The first draft of the United Nations Convention on the Law of the Sea (UNCLOS) was completed in 1982. The treaty provided a broad legal framework governing movement on the sea and the proper handling of sea-based resources. By 1994, treaty revisions had alleviated U.S. concerns regarding deep seabed mining. President Bill Clinton signed and forwarded it to the Senate for advice and consent, but it was never ratified.
President Barack Obama’s administration has recently sought to persuade the Senate to approve UNCLOS. Defense Secretary Leon Panetta, speaking at the Forum on the Law of the Sea Convention on 9 May, stated that it was time for the United States to ratify the 30-year-old pact. However, not all are in agreement. John Bolton, former U.S. ambassador to the United Nations, and Dan Blumenthal, previous Department of Defense senior country manager for China and Taiwan, wrote a Wall Street Journal op-ed in September 2011 arguing against ratification. Their opposition relates to China’s expansive maritime territorial claims, specifically in the South China Sea. The editorial contends that ratification would limit U.S. naval operations while not effectively dealing with China’s expansionist ambitions. On the contrary, UNCLOS ratification would not constrain the U.S. Navy and should dissuade Chinese attempts at territorial expansion in the South China Sea.
UNCLOS presents an idea called the exclusive economic zone (EEZ). This construct was designed to give nations control over certain economic activities within 200 miles of their shores, well beyond their sovereign 12-mile territorial waters. Intended as a balance between coastal states’ abilities to manage and protect ocean resources and maritime users’ rights to high-seas freedom of navigation, the EEZ concept has been manipulated by China as justification to regulate various maritime activities, particularly those of a military nature. There are two recent examples of tension between the United States and China resulting from this. First, the harassment in 2009 of the USNS Impeccable (T-AGOS-23) while performing surveillance in international waters about 70 miles from Hainan Island, and second, the 2001 collision between a U.S. Navy EP-3E Aries II aircraft and a Chinese jet while the U.S. plane was conducting patrol operations over China’s EEZ.
China maintains that UNCLOS prohibits foreign military operations within its EEZ, but the treaty contains no such language. It does, however, give coastal states jurisdiction over scientific research in their EEZs. The 2002 Surveying and Mapping Law of the People’s Republic of China has defined mapping and surveying so broadly as to claim that they constitute research. China asserts that military surveillance and reconnaissance is scientific research per the 2002 law, and thus argues that regulating them is justified since UNCLOS grants countries control rights over scientific research. This is indeed a bold stretch. Yet, if left unchecked, China undoubtedly will continue to interpret UNCLOS provisions in its own interests. As a result, the United States must challenge China on these matters and not allow it to shape the law of the sea in its favor. If we are not a party to the treaty, however, we have no influence over how the law develops. By ratifying UNCLOS, we create the best chance that the law of the sea develops in a manner aligned with our national interests and those of our allies.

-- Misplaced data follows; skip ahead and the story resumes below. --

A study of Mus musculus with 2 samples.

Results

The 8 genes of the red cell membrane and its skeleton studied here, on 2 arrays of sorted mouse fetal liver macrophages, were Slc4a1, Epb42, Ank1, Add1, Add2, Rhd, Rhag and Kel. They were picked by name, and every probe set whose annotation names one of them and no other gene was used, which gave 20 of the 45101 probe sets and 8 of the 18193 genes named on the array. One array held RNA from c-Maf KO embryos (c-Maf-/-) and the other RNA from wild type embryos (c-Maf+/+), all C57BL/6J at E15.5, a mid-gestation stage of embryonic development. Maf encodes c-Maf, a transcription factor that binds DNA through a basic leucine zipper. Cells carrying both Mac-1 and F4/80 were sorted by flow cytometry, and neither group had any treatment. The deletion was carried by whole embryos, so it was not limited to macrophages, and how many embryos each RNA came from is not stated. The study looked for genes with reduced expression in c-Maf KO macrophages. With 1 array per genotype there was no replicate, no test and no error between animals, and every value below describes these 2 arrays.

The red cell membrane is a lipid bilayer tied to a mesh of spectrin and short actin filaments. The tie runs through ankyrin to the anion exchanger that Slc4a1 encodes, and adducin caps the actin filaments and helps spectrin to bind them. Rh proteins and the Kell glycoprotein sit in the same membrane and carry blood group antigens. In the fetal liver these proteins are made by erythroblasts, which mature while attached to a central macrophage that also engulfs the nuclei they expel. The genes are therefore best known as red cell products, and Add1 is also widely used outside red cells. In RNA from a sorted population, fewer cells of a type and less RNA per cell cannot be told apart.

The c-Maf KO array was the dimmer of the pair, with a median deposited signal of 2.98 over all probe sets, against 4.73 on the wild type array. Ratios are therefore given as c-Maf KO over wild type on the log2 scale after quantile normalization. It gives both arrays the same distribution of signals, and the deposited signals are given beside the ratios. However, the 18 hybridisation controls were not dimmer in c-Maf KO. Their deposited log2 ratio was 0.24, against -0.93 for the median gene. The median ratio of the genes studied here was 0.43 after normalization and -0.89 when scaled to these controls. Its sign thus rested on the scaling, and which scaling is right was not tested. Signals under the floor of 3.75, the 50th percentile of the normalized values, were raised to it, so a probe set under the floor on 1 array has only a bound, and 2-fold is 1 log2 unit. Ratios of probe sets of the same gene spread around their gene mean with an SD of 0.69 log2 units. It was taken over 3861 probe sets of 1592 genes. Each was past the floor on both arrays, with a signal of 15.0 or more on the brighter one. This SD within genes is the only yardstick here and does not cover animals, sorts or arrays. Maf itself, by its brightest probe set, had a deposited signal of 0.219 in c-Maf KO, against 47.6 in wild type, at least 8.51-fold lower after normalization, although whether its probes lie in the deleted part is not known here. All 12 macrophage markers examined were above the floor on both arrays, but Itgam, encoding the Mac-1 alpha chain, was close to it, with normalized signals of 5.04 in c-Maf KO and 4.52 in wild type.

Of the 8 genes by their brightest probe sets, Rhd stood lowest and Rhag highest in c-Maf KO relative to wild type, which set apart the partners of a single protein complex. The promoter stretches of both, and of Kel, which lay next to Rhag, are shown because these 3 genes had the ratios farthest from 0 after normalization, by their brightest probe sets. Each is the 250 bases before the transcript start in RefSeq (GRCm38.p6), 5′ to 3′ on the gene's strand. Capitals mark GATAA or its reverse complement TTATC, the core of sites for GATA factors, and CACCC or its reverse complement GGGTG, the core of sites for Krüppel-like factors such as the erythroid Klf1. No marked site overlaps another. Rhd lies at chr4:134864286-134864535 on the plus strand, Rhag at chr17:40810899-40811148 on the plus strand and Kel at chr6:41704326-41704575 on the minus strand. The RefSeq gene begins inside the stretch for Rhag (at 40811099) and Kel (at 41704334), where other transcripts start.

China seeks to use UNCLOS’s EEZ provisions to marginalize U.S. influence in the region, because China prefers one-on-one dealings with its smaller neighbors. Those neighbors, on the other hand, favor multilateral negotiations that better balance China’s greater power. The smaller ones often welcome U.S. involvement, since many view us as a friend. However, they also recognize that our interests at times may differ from theirs. Therefore, they seek assurances that the United States can provide a strong balance to China’s growing power without threatening their affairs. Since they all are parties to UNCLOS, they would receive such assurances by our conformance with the treaty’s principles. Ratifying UNCLOS, then, sends a clear message that we intend to be a dedicated partner in forging their regional futures.
UNCLOS treats EEZs as international waters. As long as the United States aggressively and repeatedly asserts this fundamental fact, we need not fear constraint of our naval forces. Ratifying UNCLOS only bolsters this argument in our favor. Furthermore, it affords us more influence in shaping its provisions and makes us a more persuasive partner on behalf of China’s neighbors. As a result, we more effectively restrain China’s territorial aspirations in the South China Sea. Per Secretary Panetta, “The time has come for the United States to have a seat at the table. The time has come for the United States to fully assert its role as a global leader and accede to this important treaty.”